Mares Tail, Horsetail or Scouring Rush can poison horses

tail, Horsetail or Scouring Rush

Mares tail, also called horsetail and scouring rush, can poison your horse in a similar fashion to bracken fern.

The term ‘scouring rush’ is used based on the historical fact that the coarse stems were used to effectively scour dirty cooking pots.

All varieties of Mares tail are poisonous and they are often found near bogs and streams.

Mares tail has a high concentration of silica in its tissue and sixteenth century Europeans used these scouring reeds to scrub pots and polish furniture.

Native Americans and pioneers used mares tail to clean cooking utensils; some camping enthusiasts still use it for that purpose.

Mares Tail is a Herbaceous, perennial, leafless plant with a hollow stem that readily separates at the nodes.

Horsetail or Mares Tail - Plants Toxic to Horses

The leaves are reduced to papery scales with black tips that surround the stems at each node.

The stems are cylindrical, ridged and rough to the touch due to the high silicate content.

There are 2 types of mares tail stem.

  • Fertile stems are un-branched, and are tipped by a cone-like structure containing spores.
  • Infertile stems have multiple whorled branches at the nodes.

Mares Tail reproduces from both the deeply buried rhizome and from its spore bearing cones. Thesecones contain millions of spores.

The plant contains Thiaminase, which is the suspected toxin and also contains aconitic acid, polustrine and silicates. Mares Tail is rarely eaten except when dried in hay, but all species should be considered potentially toxic to horses.

Dried Mares Tail – Common Poisoning

Mares Tail Equisetum palustre

Most poisoning occurs when the mare’s tails or horsetail is cut and incorporated into hay which is then fed to horses and other livestock.

However, Mares Tail can remain green during the winter months and it may be eaten by horses if good grazing is in short supply.

Mares Tail (Equisetum palustre) the Facts
  • Equisetum palustre is poisonous to herbivorous animals, but not to humans.
  • It contains a vitamin B1-destroying enzyme which makes horses tumble, as well as the piperidine alkaloid palustrine, which can lame cattle.
  • Both of these substances are stable for years.
  • Mares Tail produces millions of spores in the summer.
  • The spores are spread by the wind (anemochory) and have four long ribbons attached to them. They sit on spore ears which are rounded on the top.

Suspected Mares Tail Poisoning.

Horses suspected of mares tail poisoning should immediately be taken off the hay or pasture containing the Equisetum and fed a nutritious diet.

Treatment with thiamine hydrochloride (1-2 mg/kg subcutaneously for several days) is beneficial in restoring thiamine levels to normal.

Feeding grain as part of the diet can produce a protective effect against the thiaminase.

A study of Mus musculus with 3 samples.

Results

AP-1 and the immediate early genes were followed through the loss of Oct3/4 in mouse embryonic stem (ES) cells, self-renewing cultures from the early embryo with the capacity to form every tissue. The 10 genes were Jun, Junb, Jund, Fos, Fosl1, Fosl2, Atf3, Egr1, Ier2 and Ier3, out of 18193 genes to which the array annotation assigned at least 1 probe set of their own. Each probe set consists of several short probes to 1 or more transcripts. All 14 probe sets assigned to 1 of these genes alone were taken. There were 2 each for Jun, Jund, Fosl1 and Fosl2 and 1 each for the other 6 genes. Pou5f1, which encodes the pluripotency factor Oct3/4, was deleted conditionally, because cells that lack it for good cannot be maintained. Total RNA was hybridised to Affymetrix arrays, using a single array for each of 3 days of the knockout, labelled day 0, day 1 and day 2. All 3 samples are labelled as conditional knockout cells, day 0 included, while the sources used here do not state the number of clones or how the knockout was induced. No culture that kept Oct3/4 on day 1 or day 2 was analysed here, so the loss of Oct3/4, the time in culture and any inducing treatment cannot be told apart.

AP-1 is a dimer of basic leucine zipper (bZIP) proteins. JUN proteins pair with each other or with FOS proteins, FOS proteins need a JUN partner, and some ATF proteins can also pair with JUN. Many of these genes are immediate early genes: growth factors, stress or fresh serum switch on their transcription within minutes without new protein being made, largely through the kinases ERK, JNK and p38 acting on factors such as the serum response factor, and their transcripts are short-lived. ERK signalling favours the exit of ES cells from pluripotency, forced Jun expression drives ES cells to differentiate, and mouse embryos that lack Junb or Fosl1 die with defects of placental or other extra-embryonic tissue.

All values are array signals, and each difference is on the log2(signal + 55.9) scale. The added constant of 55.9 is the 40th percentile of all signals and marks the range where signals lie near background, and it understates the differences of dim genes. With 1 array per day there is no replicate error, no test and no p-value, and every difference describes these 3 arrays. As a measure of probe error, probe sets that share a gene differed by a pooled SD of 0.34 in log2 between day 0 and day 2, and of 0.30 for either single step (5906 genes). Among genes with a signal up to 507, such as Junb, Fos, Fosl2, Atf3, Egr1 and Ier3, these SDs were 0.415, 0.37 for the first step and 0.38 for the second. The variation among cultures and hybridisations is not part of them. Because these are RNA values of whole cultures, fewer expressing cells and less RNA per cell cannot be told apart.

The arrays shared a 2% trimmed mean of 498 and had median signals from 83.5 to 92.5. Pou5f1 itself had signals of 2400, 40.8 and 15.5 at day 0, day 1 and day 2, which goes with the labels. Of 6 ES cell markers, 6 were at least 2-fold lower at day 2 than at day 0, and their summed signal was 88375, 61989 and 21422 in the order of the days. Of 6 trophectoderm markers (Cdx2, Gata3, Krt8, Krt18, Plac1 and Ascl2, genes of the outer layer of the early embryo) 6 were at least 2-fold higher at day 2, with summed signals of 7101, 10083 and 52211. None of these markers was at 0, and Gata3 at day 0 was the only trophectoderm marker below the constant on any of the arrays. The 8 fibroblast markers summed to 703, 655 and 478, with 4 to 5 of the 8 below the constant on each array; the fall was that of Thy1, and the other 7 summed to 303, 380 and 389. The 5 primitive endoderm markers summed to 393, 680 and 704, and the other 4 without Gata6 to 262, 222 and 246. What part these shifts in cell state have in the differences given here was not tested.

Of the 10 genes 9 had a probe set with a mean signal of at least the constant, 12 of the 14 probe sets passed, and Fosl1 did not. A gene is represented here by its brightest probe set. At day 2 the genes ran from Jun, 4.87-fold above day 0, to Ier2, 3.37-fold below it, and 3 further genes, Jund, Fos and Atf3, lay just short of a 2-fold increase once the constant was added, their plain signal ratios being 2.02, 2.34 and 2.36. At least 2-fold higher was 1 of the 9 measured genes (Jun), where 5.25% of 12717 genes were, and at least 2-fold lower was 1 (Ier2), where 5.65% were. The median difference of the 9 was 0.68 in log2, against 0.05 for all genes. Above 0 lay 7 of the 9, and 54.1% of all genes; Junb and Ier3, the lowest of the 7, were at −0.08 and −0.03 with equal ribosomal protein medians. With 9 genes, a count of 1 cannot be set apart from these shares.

Symptoms of mares tail poison :
  • Weakness and uncoordinated hind legs progressing to recumbencing.
  • Animals continue to eat relatively well.
  • Once the horse is down and cannot get up, the prognosis is poor because of muscle degeneration;
  • Horse may appear blind and have difficulty in seeing;
  • Central nervous system depression develops in the more severely poisoned horse;
  • Blood pyruvate levels may be elevated.

Horsetail / Mares Tail – Eradication

Horsetail or Mares Tail, Equisetum Palustre should be the equestrians public enemy number one.

It looks like it belongs in Jurassic Park and, unchecked, spreads like wildfire.

Mares Tail Sprouts in the Spring

I’d recommend NOT digging mares tail out until it is dead for sure.

Otherwise it just starts springing up from the root cuttings. Drying or drowning the roots prior to composting is a must.

In spring, brown green shoots appear with small cones at the tips that produce spores, millions of them, and it grows away from creeping thin brown roots that you can hardly see as they are soil coloured.

Digging out mares tail roots is not feasible as they go down into the soil for up to 1.5 metres ? yes, 5 feet.

Later the leaves or tails appear. These will die off as Autumn turns to Winter and the roots sit there waiting for spring.

Mares Tail leaves have a waxy coat, which makes the plant highly resistant to weedkillers.

Crushing the leaves to break up the coating helps weedkiller to penetrate and become absorbed but in large areas it is not so easy to crush all the leaves. However, glyphosate weed killer will have an effect and eventually kill the plant.

You will probably need 5 or more applications. Knock it back, wait until it re-grows and then repeat. It’s doubtful you can clear mares tail in one season.

Never touch Mares tail with a mechanical cultivator. If you do you will quickly understand why it has been around for 60 million years.